Watching the runways -- Trevor Atwood, of Carbondale Middle School, peers out the windows at the air traffic control tower at Williamson County Regional Airport. Atwood participated in a five-day program this summer at Southern Illinois University Carbondale titled “Building a Bridge for Young Minds: Journey to Careers in Transportation.” The program, funded by the Illinois Department of Transportation and presented by SIUC faculty, introduced 20 students in grades 7 through 9 from southern and central Illinois to transportation system concepts and practices. (Photo provided) Download Photo Here
September 14, 2009
Students gain insight into transportation system
CARBONDALE, Ill. -- The country’s transportation system is its lifeline, and all too often taken for granted by everyone it serves.
That’s one reason faculty in the College of Engineering at Southern Illinois University Carbondale partnered with the state’s transportation department to show school children what makes the transportation system work.
A five-day program this summer, “Building a Bridge for Young Minds: Journey to Careers in Transportation,” introduced 20 students in grades 7 through 9 from southern and central Illinois to transportation system concepts and practices, said Sanjeev Kumar, professor and distinguished teacher and chair of the Department of Civil and Environmental Engineering at SIUC.
“We believe that students of these ages need to be exposed to these careers, and they need to know how much is involved with this lifeline of the country,” Kumar said. “If they are, maybe when the time comes they will select as a career in transportation.”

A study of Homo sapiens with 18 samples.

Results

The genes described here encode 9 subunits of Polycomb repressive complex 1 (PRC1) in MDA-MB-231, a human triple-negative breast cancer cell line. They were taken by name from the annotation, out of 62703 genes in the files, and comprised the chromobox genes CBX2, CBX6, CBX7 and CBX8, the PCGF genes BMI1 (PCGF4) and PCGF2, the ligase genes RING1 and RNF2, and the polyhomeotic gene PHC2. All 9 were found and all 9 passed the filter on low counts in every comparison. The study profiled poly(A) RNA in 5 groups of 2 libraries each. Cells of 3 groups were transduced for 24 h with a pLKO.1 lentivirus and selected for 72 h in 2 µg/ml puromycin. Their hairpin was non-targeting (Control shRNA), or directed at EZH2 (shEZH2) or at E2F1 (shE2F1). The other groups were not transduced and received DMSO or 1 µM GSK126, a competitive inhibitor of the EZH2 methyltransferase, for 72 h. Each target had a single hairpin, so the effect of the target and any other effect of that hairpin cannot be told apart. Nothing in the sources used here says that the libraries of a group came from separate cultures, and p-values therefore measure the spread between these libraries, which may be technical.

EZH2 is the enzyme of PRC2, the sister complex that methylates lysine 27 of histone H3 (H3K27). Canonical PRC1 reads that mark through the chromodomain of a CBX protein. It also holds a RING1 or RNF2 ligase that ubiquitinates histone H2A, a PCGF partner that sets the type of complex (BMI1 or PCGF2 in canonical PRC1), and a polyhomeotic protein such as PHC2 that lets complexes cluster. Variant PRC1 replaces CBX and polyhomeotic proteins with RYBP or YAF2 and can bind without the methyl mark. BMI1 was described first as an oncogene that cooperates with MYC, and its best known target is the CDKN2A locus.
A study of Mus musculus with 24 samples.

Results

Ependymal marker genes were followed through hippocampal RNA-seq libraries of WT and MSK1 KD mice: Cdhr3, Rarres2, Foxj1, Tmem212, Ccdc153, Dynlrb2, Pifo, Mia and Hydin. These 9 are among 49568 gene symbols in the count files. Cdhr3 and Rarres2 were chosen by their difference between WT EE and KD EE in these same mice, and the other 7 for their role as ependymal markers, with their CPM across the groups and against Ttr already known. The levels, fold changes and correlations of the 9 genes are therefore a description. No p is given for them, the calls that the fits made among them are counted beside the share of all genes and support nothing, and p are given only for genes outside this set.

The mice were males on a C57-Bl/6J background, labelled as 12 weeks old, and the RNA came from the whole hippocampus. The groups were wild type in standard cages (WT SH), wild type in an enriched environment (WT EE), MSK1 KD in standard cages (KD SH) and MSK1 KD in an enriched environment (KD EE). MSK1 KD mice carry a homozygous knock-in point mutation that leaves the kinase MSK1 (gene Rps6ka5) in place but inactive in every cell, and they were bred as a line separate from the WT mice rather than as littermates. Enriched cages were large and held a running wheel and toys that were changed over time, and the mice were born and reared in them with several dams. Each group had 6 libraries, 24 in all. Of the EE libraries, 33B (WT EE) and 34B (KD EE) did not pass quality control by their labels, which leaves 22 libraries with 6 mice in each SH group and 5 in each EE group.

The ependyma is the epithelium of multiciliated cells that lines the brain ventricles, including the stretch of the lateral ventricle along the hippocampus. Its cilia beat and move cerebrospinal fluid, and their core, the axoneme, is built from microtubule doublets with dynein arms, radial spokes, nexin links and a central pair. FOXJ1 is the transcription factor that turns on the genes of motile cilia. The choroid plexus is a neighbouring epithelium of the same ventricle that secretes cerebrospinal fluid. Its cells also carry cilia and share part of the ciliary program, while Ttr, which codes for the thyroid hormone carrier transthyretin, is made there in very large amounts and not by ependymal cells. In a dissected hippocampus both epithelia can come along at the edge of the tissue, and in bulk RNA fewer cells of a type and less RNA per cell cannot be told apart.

The students, whom teachers recommended for their strong interest in science and mathematics, learned about critical transportation elements by studying, discussing and visiting them, Kumar said.
The Illinois Department of Transportation funded the program in partnership with SIUC, which delivered the program. IDOT Assistant Secretary David Phelps attended the closing banquet, along with SIUC Chancellor Samuel Goldman.
Students participated in competitions, including building a successful bridge out of popsicle sticks, re-assembling a steel bridge originally designed and built by SIUC engineering students, sketching a bridge, writing an essay on the transportation system and performing a skit in which they portrayed the worst possible teacher.
They also made many field trips, including to the Williamson County Regional Airport where they visited the air traffic control tower, took a bus ride down a runway and took a ride in an airplane. They also visited area lock-and-dam facilities, asphalt and concrete plants, highway weigh stations and construction sites, Kumar said.
“It was an excellent program and by the end of the week all the students were friends and having a great time,” Kumar said. Another such program is set for weekends in October and will host students from the Metro East area, he said.
Ramanarayanan Viswanathan, interim dean of the College of Engineering, said the program was a great success.
“Coming from different area schools in Southern Illinois and not knowing their team members, the kids were very quiet and reserved on the morning of the opening day, but they made many friends by the concluding day, as was evident at the banquet where the students were jubilant and vocal,” he said. “Many parents expressed total satisfaction with the five-day camp and vouched that they would send their kids again to camps of this nature.”
Kumar acted as principal investigator on the program. Co-investigators included J. Kent Hsiao, associate professor in the Department of Civil and Environmental Engineering and Chris Pearson, coordinator of undergraduate recruitment in the College of Engineering. SIUC undergraduate and graduate students and a pre-engineering student from Shawnee Community College served as peer mentors.